The leading cause of death during Superstorm Sandy last fall was drowning, according to a new report released by the Centers for Disease Control and Prevention.
The report, which analyzed 117 storm-related deaths, comes amid a National Oceanic and Atmospheric Administration warning that this year's hurricane season stands a good chance of being more active than usual. In its annual Atlantic hurricane season outlook, NOAA forecasters said Thursday that there was a 70% likelihood of three to six major hurricanes occurring this year. The seasonal average for such major storms is three.
In its mortality analysis, the CDC examined deaths related to Sandy that had been documented by the American Red Cross. (Media reports have put the death toll at about 131.) Of those 117 deaths, more than half -- 67 -- were the direct result of Sandy, which began as a Category 3 hurricane and made landfall as an intense post-tropical cyclone on Oct. 29.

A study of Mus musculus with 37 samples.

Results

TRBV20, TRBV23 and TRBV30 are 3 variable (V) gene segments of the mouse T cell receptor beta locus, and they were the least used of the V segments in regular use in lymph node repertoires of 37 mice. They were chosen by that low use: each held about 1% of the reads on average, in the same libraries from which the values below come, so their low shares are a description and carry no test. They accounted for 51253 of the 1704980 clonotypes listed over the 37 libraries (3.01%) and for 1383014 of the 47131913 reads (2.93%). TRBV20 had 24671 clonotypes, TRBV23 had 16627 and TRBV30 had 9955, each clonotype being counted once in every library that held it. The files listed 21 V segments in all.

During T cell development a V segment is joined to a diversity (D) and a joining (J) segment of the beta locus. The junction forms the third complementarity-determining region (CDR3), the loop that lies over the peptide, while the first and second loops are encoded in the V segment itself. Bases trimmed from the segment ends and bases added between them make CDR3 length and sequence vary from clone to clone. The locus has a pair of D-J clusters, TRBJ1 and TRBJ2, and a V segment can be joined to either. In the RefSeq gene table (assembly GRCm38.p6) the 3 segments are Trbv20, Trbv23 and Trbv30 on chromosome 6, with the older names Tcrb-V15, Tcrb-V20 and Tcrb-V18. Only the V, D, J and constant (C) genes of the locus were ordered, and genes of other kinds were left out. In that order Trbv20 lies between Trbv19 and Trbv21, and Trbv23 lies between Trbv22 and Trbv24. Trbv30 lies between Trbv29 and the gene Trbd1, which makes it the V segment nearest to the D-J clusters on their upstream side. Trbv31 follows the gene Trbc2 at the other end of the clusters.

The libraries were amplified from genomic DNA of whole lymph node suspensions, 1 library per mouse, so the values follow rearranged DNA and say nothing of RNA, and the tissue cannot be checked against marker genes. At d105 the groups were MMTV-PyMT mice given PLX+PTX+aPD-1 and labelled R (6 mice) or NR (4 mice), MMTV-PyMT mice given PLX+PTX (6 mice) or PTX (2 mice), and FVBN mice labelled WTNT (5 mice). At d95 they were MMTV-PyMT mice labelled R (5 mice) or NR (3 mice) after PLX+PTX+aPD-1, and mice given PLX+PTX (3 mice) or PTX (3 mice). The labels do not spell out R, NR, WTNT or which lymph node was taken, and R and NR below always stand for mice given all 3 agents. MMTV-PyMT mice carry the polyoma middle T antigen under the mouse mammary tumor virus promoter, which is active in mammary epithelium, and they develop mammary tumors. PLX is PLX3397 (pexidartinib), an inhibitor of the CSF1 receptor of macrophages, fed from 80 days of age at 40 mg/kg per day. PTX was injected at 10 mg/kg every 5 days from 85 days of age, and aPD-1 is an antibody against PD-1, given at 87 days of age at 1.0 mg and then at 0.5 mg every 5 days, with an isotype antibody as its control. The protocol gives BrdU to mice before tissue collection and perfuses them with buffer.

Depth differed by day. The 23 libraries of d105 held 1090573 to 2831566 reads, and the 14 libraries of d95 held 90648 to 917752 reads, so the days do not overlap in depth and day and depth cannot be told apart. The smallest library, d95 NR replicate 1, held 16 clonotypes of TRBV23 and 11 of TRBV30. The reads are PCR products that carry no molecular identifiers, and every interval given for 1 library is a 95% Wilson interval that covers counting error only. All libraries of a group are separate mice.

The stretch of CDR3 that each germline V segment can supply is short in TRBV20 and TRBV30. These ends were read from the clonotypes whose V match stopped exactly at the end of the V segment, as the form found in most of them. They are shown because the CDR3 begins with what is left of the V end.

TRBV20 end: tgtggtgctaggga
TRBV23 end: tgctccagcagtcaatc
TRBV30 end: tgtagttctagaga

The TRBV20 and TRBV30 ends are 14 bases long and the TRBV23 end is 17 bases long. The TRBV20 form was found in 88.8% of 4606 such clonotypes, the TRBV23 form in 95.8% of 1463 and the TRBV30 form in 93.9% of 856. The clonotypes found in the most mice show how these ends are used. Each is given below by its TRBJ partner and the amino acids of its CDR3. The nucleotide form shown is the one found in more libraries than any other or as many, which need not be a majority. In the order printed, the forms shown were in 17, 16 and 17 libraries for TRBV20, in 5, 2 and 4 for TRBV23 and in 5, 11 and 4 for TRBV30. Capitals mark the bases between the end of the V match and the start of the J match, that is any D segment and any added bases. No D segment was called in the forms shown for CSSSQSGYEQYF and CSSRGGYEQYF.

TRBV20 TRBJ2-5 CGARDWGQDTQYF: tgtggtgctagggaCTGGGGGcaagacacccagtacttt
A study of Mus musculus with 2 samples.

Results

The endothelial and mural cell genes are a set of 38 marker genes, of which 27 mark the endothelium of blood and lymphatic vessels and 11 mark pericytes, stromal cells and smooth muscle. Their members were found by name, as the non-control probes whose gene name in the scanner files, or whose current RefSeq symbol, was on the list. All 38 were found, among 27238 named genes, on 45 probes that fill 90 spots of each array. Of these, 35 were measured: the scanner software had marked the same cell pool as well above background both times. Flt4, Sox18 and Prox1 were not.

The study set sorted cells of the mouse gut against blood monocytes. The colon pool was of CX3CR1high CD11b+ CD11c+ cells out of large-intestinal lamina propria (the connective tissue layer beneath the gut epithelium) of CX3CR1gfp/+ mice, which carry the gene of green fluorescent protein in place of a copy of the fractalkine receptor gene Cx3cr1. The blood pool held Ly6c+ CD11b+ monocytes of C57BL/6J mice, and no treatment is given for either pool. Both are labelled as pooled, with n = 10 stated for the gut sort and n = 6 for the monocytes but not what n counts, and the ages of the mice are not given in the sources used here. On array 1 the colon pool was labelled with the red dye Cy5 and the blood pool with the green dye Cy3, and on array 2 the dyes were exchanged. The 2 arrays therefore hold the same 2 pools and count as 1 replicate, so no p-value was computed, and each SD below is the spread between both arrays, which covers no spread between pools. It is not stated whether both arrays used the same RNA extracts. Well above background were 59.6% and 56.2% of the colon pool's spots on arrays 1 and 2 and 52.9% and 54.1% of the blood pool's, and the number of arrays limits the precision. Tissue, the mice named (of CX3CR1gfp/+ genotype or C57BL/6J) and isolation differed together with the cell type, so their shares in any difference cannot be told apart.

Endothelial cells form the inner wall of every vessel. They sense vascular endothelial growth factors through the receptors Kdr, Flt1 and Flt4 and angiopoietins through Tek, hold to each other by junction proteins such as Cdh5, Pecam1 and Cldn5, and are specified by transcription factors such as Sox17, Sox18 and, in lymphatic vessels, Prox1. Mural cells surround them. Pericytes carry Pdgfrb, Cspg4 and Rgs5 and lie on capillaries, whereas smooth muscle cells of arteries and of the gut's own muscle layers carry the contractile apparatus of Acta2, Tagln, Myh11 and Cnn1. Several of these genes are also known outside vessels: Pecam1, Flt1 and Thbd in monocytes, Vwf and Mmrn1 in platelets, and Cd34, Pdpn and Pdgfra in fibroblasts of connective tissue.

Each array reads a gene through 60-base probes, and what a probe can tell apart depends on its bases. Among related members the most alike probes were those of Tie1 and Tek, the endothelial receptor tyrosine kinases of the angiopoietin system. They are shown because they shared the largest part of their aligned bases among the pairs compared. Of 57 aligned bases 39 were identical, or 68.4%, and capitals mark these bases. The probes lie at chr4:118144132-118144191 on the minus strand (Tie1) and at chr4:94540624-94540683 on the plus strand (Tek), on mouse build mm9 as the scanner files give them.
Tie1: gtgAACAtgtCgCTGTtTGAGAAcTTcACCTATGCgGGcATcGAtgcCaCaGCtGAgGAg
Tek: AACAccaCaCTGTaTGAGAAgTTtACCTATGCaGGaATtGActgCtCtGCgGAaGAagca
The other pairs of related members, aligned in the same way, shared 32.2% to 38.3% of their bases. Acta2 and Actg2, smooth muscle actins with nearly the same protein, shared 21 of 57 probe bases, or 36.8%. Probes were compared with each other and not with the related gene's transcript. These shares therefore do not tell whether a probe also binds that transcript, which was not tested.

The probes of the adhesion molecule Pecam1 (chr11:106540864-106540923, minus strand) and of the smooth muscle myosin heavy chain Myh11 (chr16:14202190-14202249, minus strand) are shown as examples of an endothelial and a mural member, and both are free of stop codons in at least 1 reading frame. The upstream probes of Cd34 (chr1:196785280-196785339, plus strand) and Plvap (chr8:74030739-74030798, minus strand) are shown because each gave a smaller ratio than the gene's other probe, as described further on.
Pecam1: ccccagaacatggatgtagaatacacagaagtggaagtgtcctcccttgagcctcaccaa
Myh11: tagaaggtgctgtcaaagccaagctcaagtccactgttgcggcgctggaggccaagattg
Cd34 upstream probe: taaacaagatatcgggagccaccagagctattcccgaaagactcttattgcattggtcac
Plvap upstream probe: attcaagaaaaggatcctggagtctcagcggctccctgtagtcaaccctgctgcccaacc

Of those deaths caused directly by the storm, 40 involved drowning, while 19 involved trauma from being crushed, cut or struck. Roughly half of those who drowned died in their own homes, in or near Evacuation Zone A in New York. The report noted that the remaining drowning deaths occurred outside the home and that one involved a person who was intentionally swimming off a storm-affected beach.
"Hurricane-related drowning deaths in evacuation zones are preventable," the report stated. "A successful evacuation depends on officials providing timely messaging to all affected persons, on persons receiving messages and on persons having the capacity, resources and willingness to evacuate."